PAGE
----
Former Flexsteel building

Flexsteel Industries Inc. plans the redevelopment of its former location on Jackson Street in Dubuque. The company recently closed the plant and invested $28 million in a new facility on Seippel Road.

A Dubuque-based furniture maker will assume responsibility of cleaning up and marketing its former plant site after pulling out of a redevelopment agreement with local entities.

Faced with a sizable environmental remediation cost and the loss of a planned tax benefit, Flexsteel Industries Inc. leaders have decided to retain and redevelop the property at 3200 Jackson St., according to local officials.

Dubuque City Council members will meet at 6 p.m. Monday, Oct. 7, to consider terminating the redevelopment agreement with Flexsteel. The meeting is set for the Historic Federal Building, 350 W. Sixth St.

The company recently closed operations at its aging facility on Jackson Street and invested $28 million in a new facility off Seippel Road in Dubuque.

Flexsteel has manufactured furniture at the Jackson Street property since 1936. Prior to that, the property was home to a battery factory and is contaminated from a century’s worth of industrial use, according to city officials.

The company had agreed to gift the 43-acre site to the nonprofit Dubuque Initiatives, and about $6.3 million was deposited into two escrow accounts for demolition and environmental cleanup.

About $1 million came from the Iowa Economic Development Authority, and $2.6 million from Flexsteel. The city would contribute $660,000, and the county was to pay up to $2 million over seven years.

By pulling out of the agreement, the city, county and state will be released from their pledged financial assistance of roughly $3 million for redevelopment. The $660,000 deposited by the city and $600,000 deposited by the county into escrow will be returned, Dubuque City Manager Mike Van Millligen wrote in a memo to council members.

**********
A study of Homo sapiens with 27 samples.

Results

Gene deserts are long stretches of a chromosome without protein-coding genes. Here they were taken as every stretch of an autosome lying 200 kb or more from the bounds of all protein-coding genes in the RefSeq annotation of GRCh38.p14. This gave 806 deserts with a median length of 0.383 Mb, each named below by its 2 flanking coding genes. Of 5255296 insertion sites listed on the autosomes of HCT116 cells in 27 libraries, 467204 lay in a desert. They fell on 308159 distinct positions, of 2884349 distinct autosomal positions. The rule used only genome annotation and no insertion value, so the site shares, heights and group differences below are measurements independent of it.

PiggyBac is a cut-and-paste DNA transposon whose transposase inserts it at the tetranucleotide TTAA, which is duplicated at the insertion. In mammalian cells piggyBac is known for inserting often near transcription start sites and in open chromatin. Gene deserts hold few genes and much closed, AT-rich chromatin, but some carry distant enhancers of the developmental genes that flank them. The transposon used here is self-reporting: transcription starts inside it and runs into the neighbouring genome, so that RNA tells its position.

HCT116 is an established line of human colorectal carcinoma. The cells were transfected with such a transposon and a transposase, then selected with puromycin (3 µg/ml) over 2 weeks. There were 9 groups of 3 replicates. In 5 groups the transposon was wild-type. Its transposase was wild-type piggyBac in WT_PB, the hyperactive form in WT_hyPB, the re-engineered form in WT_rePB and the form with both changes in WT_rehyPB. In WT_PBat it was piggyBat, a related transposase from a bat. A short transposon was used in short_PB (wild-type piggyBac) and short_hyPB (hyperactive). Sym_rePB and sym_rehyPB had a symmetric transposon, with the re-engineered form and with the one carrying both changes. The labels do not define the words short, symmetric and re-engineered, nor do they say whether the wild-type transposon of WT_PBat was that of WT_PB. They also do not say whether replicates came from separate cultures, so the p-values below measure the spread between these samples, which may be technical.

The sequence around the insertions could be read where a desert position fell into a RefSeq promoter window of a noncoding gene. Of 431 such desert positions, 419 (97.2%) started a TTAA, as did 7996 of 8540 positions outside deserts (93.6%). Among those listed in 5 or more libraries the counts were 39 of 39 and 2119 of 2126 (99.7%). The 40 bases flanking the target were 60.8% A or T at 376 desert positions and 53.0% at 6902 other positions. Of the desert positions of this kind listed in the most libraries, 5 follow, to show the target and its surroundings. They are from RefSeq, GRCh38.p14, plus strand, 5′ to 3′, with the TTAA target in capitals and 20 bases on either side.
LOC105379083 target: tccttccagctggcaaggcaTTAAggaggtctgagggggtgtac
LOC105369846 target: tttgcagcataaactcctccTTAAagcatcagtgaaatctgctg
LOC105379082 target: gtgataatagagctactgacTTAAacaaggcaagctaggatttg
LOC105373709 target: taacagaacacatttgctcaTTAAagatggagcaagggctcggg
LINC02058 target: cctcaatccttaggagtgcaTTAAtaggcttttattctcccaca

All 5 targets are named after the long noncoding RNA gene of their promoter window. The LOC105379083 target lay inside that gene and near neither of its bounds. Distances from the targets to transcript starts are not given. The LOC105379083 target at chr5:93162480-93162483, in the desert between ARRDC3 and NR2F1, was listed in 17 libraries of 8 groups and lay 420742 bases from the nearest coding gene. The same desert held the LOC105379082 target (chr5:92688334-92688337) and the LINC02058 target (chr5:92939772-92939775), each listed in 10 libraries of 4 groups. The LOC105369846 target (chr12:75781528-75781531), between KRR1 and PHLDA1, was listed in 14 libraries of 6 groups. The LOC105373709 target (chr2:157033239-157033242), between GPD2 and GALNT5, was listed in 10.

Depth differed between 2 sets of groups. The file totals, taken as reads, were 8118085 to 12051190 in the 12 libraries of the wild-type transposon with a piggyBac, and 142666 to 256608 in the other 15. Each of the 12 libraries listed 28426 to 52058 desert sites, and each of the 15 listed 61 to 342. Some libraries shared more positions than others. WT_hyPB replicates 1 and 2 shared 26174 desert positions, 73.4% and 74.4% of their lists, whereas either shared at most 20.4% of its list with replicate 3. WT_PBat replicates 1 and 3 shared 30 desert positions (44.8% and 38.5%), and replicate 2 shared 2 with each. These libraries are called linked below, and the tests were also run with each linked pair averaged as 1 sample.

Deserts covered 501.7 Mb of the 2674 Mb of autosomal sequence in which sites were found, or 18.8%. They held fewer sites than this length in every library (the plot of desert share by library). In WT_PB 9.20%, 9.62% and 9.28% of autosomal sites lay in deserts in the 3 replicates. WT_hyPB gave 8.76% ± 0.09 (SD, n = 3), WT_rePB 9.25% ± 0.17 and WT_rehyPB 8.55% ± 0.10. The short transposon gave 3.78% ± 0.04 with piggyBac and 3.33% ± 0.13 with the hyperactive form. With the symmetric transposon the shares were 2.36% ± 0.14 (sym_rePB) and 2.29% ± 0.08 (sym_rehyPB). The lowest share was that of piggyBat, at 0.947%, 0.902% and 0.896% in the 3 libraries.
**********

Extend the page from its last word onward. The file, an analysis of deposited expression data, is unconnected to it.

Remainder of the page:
The agreement sought to cap Flexsteel’s liability for building demolition and environmental remediation, which would have been managed by Dubuque Initiatives. The quasi-governmental nonprofit of city officials and Dubuque business leaders also would have overseen marketing of the site for commercial and light-industrial development.

“It’s a case of the unknown of their financial obligation of environmental remediation of the site,” Council Member Brett Shaw said, noting Flexsteel is responsible for cleaning up any contaminants below the soil. “They had a financially substantial stake in the game, and they ... ultimately wanted more control over redevelopment of the property.”

No specific development plans have been proposed, and Dubuque Initiatives did not have thoughts on who they would bring to the site, said Shaw, also a member of the Dubuque Initiatives board.

“Frankly, I was a bit confused and surprised by Flexsteel’s decision,” Shaw said. “This is not their core business and not necessarily their wheelhouse to manage a (contaminated) reclamation project. At the same time, they’re putting a sizable chunk of capital into something that’s tied up in this land.”

Shaw, though, questions how soon the site would be developed by Flexsteel as opposed to Dubuque Initiatives.

“(By) handing that over, you lose control from a timing perspective,” Shaw said. “But it alleviates a financial burden for the city, so it’s a trade-off. Whatever their plans may be, if they develop it themselves or sell it off, I would think they would want to do that as quickly as possible.”

Flexsteel CEO Jerry Dittmer did not return multiple messages Friday seeking comment for this story.

Dubuque Initiatives board President Doug Horstmann and board member Rick Dickinson, president and CEO of Greater Dubuque Development Corp., declined to provide comment for this story.